How Will Randy Foye Fit In Oklahoma City?

Mandatory Credit: Isaiah J. Downing-USA TODAY Sports
Mandatory Credit: Isaiah J. Downing-USA TODAY Sports /

The  Thunder acquired Randy Foye via trade from the Denver Nuggets. But what role will the veteran play in the team’s quest for a title?

Every year, Thunder general manager Sam Presti makes a move in February. Whether it’s the a trade at the deadline or picking up a buyout candidate, fans waited with baited breath for Presti to make his latest move on the Oklahoma City roster.

As this past Thursday’s deadline approached, the deal was made. Randy Foye arrives in Oklahoma City in exchange for D.J. Augustin, Steve Novak and two second-round picks (both from this year with one via Charlotte from the Jeremy Lamb trade).

The roster has been trimmed to 14 players, leaving room to add a potential buyout candidate or free agent if the right player becomes available and is willing to sign. The Thunder also picked up a $3.8 million trade exception in the process, as well as shaved $3.6 million in basic salary (Augustin and Novak combined for $6.7 million with Foye coming in at $3.1 million) not to mention the Thunder have saved $9.8 million in total salary and luxury tax payments. While not a home-run deal by any means, it still appears to be a winning trade on all fronts.


He’ll also offer a more rounded alternative on both ends. Though it remains to be seen whether he can make a serious dent in the rotation, he at least offers another alternative for the Thunder. Novak was the Dad of the squad, a glorified bench warmer who barely played in garbage time. Augustin’s shooting had been so inconsistent that it could no longer justify his terrible defense. Foye’s size (6-4, 213 pounds) will allow him to play against various positions, which could be handy against the perplexing lineups that the Golden State Warriors tend to employ.

Randy Foye is not the answer to all of the Thunder’s issues, but his versatility could prove handy when needed. Mandatory Credit: Vincent Carchietta-USA TODAY Sports
Randy Foye is not the answer to all of the Thunder’s issues, but his versatility could prove handy when needed. Mandatory Credit: Vincent Carchietta-USA TODAY Sports /

The Thunder’s movements (or lack thereof) indicate what they’ve been saying all along: they already feel like they’re a contender. While there are doubters – particularly those holding reservations on the team’s defensive abilities – Kevin Durant, Russell Westbrook and Co. clearly feel they can compete with the likes of the Warriors, San Antonio Spurs and the Cleveland Cavaliers. Late-game execution has cost them in losses to the league’s best (and not defense) and this is an ongoing process under first-year head coach Billy Donovan. He’s tinkered with his lineups all season long to great effect, and with 30 games left in the season, expect this to continue with Foye.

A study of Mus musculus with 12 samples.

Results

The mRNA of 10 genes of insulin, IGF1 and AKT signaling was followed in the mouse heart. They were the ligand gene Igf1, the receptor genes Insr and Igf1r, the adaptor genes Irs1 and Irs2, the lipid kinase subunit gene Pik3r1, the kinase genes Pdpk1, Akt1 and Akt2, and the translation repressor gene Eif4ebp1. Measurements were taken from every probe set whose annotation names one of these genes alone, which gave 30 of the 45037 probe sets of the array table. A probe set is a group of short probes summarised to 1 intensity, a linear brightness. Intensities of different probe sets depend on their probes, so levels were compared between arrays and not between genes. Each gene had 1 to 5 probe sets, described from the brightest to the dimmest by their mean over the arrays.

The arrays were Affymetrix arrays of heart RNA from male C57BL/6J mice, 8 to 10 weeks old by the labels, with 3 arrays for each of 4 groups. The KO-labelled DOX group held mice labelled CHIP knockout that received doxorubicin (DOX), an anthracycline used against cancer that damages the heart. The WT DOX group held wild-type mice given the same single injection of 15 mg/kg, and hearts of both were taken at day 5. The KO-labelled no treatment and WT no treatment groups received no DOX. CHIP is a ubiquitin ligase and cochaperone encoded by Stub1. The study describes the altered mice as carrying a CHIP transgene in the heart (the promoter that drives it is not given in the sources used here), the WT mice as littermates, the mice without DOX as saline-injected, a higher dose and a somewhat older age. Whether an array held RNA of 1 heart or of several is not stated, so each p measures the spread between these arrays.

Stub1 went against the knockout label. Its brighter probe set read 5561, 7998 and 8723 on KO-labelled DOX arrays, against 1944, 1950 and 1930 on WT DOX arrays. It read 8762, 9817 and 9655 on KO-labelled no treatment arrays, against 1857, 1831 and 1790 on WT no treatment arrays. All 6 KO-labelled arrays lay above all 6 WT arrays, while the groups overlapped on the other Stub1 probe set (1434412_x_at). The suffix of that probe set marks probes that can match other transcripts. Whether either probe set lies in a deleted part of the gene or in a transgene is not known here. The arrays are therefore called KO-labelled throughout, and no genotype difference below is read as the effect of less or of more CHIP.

It was also shown that Cameron Payne struggled in the national spotlight when the Thunder went to Oakland to take on the Warriors. There’s no shame in that, Payne is a rookie and growing pains are expected. Should these continue come playoff time, Foye can be a release valve. The former Villanova product spent the majority of his early days as a point guard in Minnesota and Washington, so when this is required it’ll be nothing new to the player.

He’s also a career 37-percent shooter from three-point range, and should be be able to at least hit this mark with so many open shots available in the Thunder offense. He has struggled this season from deep (at just 29 percent), but his opportunities within the Oklahoma City offensive scheme should be significantly better than they were with the Nuggets. Considering the team’s 22-32 record, Foye did well to post a +2.2 on/off court rating as part of a raw Denver squad. He also spent 62 percent of his minutes at small forward, not exactly an ideal fit for a player of his size.

It is incredibly difficult to make bargain trades when a team already has a fully stacked roster with a lack of assets to move. This isn’t the deal that elevates the Thunder above the rest, but it was never designed to be. A bigger move wasn’t available, and Sam Presti did what he always does and created an asset (the trade exception) while saving serious cash ($9.8 million) on players who barely cracked the rotation. The Thunder are betting on what they already have, now it will be shown in the coming months if Foye has a part to play in that or not.

All statistics were taken from Basketball Reference unless otherwise stated.